Land trust benefit concert: Such a night! | TheUnion.com

With his feathers and dangling gris-gris bags, Dr. John’s haunted voodoo groove bubbled out of the piano like funky primordial ooze. Allen Toussaint warmed us up by playing classy and uplifting old-school R&B.

On Sunday, Sept. 22, the 11th annual benefit concert for Bear Yuba Land Trust (BYLT) was presented by The Center for the Arts. The event celebrated local landscapes and the arts while securing funding for important conservation work.

Before the concert, Dr. John said, “I am honored to do this particular benefit for the Bear Yuba Land Trust and I feel good that it is for farmers, people of the land and wildlife habitats. I am very involved in preserving the wetlands in Louisiana, and so I can relate to this mission as it is close to my heart. I think it’s a great and spiritually hip thing that music and the arts can help serve to protect our land.”



The Center for the Arts put on the concert at the historic North Star House. This is the third year the center has collaborated with the land trust for this benefit, and we thank them and Julie Baker for making it a huge success. They put together a great line-up of New Orleans-style music that included our two major headliners and four local bands: Honeysweet, Beaucoup Chapeaux, Earles of Newtown and Leta’s Blues.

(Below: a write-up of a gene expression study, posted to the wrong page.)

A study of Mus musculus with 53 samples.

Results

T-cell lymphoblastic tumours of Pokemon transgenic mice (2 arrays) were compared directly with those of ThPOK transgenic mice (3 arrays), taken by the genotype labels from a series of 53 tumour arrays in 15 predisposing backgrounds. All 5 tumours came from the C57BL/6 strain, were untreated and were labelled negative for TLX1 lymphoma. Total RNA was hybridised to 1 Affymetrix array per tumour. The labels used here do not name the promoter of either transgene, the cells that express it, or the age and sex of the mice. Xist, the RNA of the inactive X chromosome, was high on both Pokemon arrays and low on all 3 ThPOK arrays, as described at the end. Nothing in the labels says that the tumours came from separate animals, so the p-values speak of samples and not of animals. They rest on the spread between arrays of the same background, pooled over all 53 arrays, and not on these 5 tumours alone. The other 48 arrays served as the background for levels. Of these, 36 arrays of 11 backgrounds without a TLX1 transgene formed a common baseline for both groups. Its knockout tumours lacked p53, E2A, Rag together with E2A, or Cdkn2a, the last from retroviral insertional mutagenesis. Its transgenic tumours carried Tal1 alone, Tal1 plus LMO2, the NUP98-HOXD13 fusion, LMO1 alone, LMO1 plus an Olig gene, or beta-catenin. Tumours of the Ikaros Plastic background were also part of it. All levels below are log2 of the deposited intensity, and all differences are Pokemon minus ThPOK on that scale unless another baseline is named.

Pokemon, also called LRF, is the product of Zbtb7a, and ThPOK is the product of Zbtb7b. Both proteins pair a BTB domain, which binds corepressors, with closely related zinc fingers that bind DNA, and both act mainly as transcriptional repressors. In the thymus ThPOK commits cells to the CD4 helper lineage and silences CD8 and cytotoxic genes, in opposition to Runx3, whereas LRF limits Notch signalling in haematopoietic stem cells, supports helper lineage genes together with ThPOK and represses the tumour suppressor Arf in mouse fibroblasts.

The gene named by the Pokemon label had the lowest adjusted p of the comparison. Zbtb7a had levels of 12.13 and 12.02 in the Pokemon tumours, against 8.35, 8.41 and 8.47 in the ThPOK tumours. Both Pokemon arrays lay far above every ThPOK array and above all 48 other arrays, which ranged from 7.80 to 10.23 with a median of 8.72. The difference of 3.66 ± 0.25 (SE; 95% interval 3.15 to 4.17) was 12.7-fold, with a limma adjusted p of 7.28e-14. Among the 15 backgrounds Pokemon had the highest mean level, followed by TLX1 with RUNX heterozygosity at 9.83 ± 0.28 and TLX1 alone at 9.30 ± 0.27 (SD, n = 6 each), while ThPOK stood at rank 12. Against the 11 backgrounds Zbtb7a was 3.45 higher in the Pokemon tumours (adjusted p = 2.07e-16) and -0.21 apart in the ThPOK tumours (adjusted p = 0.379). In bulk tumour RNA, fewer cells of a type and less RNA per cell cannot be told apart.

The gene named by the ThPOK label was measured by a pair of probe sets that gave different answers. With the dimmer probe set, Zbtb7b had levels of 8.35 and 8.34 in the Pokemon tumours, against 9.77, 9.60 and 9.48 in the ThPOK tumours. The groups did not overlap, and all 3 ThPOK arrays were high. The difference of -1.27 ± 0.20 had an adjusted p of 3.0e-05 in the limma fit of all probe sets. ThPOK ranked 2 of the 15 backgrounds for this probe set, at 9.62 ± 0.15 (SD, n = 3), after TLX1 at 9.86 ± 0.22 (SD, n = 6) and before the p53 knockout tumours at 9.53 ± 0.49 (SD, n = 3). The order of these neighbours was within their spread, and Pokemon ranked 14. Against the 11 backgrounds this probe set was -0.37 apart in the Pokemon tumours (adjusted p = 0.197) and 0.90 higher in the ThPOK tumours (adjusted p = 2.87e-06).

We also thank our sponsors, including AJA Video and Living Wild Project, the 200-plus volunteers, and all who attended and bought auction items donated by more than 130 local businesses. A special thank you goes to Chef Antonio Ayestaran and his staff and the local farmers who worked so hard to make the Back to the Land dinner and gala a memorable occasion. We hope you enjoyed yourselves under the stars with the historic backdrop of the North Star House. We are able to do this conservation work only because our community supports it.




For more than two decades, the Bear Yuba Land Trust has preserved thousands of acres of open space for agriculture, recreation and natural habitat. Each year, BYLT builds local trails, leads dozens of hikes and offers summer nature camps for children.

Funds raised from the concert will go directly toward important Land Trust projects. Garden Bar Preserve, a 652-acre working cattle ranch and beautiful oak woodland on the Bear River was acquired in August. Rice’s Crossing, a new Yuba River parkway spanning eight miles between South Yuba River State Park and Bullard’s Bar Reservoir, will be acquired later this year. In addition, BYLT is working to conserve 10,000 acres of PG&E lands that will be made available for public recreation and habitat protection — including Bear Valley and a 10-mile Bear River corridor trail.

Marty Coleman-Hunt is the executive director of Bear Yuba Land Trust.